Commentary: Drought highlights need for more outreach, education


Issue Date: October 8, 2014
By Kenny Watkins
Kenny Watkins
The drought has caused reservoirs to drop to low levels, and has reinforced the need to make sure people understand the importance of water to grow food and farm products.
Photos/California Department of Water Resources

It's bad enough what farmers, ranchers and their employees have had to go through during this awful drought year: crops not planted, trees pulled, livestock herds reduced, jobs lost, rural economies weakened. On top of that, we've often found ourselves facing disapproval for growing the crops and livestock we have managed to grow.

In previous droughts, farmers were criticized for growing "low-value" crops—usually field crops. You probably remember the steady drumbeat from environmental organizations and newspaper editorial boards: "Farmers should have to pay more for water; then, they'd be forced to grow 'high-value' crops."

After the previous drought, water costs did go up and, at the same time, demand continued to increase for nut crops such as almonds, walnuts and pistachios—crops that California is uniquely able to grow. So, farmers planted "high-value" almonds, walnuts and pistachios.

And now, those crops come in for strident criticism from the same environmental groups and editorial boards: "Farmers shouldn't be planting these permanent crops; they should be growing field crops that could be idled during droughts."

Never mind that crops like almonds, walnuts and pistachios remain in tremendous demand, and that they generate billions of dollars' worth of jobs and economic activity both in rural areas and in cities, where the crops are marketed and shipped to customers around the world.

A few weeks ago, there was a lot of finger-pointing when an electric-car manufacturer decided to build a battery plant in Nevada, with people wondering why California didn't do more to attract the $5 billion facility. Well, the combined value of almonds, walnuts and pistachios last year dwarfed that—it was more than $8.5 billion, and that's just the on-farm value, not all the added value from marketing the crops. Maybe nut crops don't have the luster of a shiny, new electric car, but they have loyal customers, and orchards can't pick up and move out of state.

The other thing we've seen is the return of the old "80 percent" statement. You know how it goes: "Agriculture uses 80 percent of California's water." This is one of those "facts" that is used as a weapon; it is almost always presented as an accusation.

There are two things about this "fact" that need to be challenged. First of all, it's not true; never has been. Here's a more accurate description of how California water is allocated, provided by the California Farm Water Coalition:

"In a 'typical' year, California receives approximately 200 million acre-feet of precipitation. Much of that is consumed by native vegetation, runs to the ocean or enters the water supply as groundwater. Of the 85 million acre-feet of surface water that California actively manages, 49 percent is used for environmental purposes, 41 percent is used to grow food and fiber by farmers, while municipal and industrial users use the remaining 10 percent."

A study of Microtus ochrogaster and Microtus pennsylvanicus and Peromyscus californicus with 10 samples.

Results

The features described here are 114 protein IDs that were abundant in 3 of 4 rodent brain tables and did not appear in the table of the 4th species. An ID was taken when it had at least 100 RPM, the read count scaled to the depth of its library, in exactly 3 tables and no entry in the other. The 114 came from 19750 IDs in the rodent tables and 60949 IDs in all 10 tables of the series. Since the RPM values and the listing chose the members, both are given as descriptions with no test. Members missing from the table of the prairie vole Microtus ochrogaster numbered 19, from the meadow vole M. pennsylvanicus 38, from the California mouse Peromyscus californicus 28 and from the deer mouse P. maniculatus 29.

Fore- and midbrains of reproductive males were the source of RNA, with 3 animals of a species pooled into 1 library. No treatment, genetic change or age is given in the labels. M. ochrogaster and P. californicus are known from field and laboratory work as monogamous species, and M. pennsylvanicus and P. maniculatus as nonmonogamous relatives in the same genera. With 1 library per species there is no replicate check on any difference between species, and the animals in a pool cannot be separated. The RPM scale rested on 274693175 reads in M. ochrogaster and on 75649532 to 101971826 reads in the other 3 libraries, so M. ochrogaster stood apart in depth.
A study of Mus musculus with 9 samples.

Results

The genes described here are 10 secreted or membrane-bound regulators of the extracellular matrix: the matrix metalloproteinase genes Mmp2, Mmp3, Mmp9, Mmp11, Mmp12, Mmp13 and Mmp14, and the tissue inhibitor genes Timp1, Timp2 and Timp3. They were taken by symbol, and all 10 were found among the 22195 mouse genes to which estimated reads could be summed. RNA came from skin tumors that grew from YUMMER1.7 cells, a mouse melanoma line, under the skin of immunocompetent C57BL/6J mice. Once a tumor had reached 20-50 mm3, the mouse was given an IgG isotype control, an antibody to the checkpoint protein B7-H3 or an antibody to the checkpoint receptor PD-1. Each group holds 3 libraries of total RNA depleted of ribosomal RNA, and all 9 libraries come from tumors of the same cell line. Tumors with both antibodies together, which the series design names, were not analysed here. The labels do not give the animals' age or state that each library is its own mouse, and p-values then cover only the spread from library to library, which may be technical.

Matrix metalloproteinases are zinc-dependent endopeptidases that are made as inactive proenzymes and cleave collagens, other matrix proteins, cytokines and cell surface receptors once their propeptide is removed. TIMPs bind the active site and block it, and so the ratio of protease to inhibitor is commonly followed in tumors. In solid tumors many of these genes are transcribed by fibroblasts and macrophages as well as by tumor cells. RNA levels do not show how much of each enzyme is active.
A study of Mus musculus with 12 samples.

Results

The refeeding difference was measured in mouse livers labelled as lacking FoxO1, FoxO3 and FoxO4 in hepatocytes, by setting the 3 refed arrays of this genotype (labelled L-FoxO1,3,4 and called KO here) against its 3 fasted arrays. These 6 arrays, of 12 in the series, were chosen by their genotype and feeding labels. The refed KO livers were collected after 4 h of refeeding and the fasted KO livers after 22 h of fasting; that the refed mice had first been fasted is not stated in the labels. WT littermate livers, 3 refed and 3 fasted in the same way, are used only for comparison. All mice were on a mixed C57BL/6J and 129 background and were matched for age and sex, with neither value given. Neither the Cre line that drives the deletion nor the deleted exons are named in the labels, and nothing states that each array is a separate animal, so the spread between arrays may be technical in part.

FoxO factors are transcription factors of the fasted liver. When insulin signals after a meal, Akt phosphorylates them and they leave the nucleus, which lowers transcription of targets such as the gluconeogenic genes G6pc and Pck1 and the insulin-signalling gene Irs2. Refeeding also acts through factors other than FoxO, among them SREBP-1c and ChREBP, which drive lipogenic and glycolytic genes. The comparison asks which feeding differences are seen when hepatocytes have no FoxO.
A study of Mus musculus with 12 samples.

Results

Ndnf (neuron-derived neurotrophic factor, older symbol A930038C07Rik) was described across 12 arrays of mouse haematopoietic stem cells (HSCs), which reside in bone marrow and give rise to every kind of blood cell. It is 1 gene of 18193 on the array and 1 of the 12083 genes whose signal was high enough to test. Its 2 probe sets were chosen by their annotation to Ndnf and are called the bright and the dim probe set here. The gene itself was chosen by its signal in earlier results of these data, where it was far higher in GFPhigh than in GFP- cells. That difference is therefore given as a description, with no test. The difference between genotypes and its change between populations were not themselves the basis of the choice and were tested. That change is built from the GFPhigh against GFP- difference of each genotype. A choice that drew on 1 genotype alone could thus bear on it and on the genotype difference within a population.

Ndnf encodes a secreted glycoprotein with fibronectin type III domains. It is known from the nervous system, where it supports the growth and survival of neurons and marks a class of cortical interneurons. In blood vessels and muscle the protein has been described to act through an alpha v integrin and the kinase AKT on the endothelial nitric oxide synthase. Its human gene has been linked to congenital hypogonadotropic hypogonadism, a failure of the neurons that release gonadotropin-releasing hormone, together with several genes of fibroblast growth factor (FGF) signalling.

So, sure, if you just ignore all the water dedicated to the environment and focus on the water dedicated to human uses, the share for agriculture is 80 percent and the share for urban uses is 20 percent.

And that brings up the second thing that should be challenged about this "fact": Is it a bad thing that we dedicate water to food production? What's more important than that? Food production is the most basic thing that humans do—and we can grow food in California more efficiently and with higher quality than anywhere else. Having affordable food means that people have more money left over to pay for other things—like health care, quality education, buying computers and electronic devices, going to the movies, taking vacations—that power the rest of the California economy.

It's incumbent on all of us to challenge misinformation when we see it and, even more importantly, to provide accurate information about the factors that affect water supplies and use in California.

That's why I'm pleased by a project undertaken by the California Foundation for Agriculture in the Classroom. The 13th edition of its What's Growin' On? student-focused newspaper will focus on water—the first edition to be focused on a single topic. The new issue will discuss the sources of water in California, watersheds, the California water system, irrigation technology, water quality and other topics. It will help students in 3rd through 8th grades—and their parents—develop a fuller idea of how our water system works and how farmers convert water into food and farm products.

The new What's Growin' On? will be distributed inside a number of California newspapers in 2015. Let's hope that, by then, voters will have approved a water bond to invest in more water storage and that we've had a rainy and snowy winter. But regardless, we must continually work to educate our urban neighbors about the importance of devoting water to grow food.

(Kenny Watkins is first vice president of the California Farm Bureau Federation and chairs the board of the California Foundation for Agriculture in the Classroom.)

Permission for use is granted, however, credit must be made to the California Farm Bureau Federation when reprinting this item.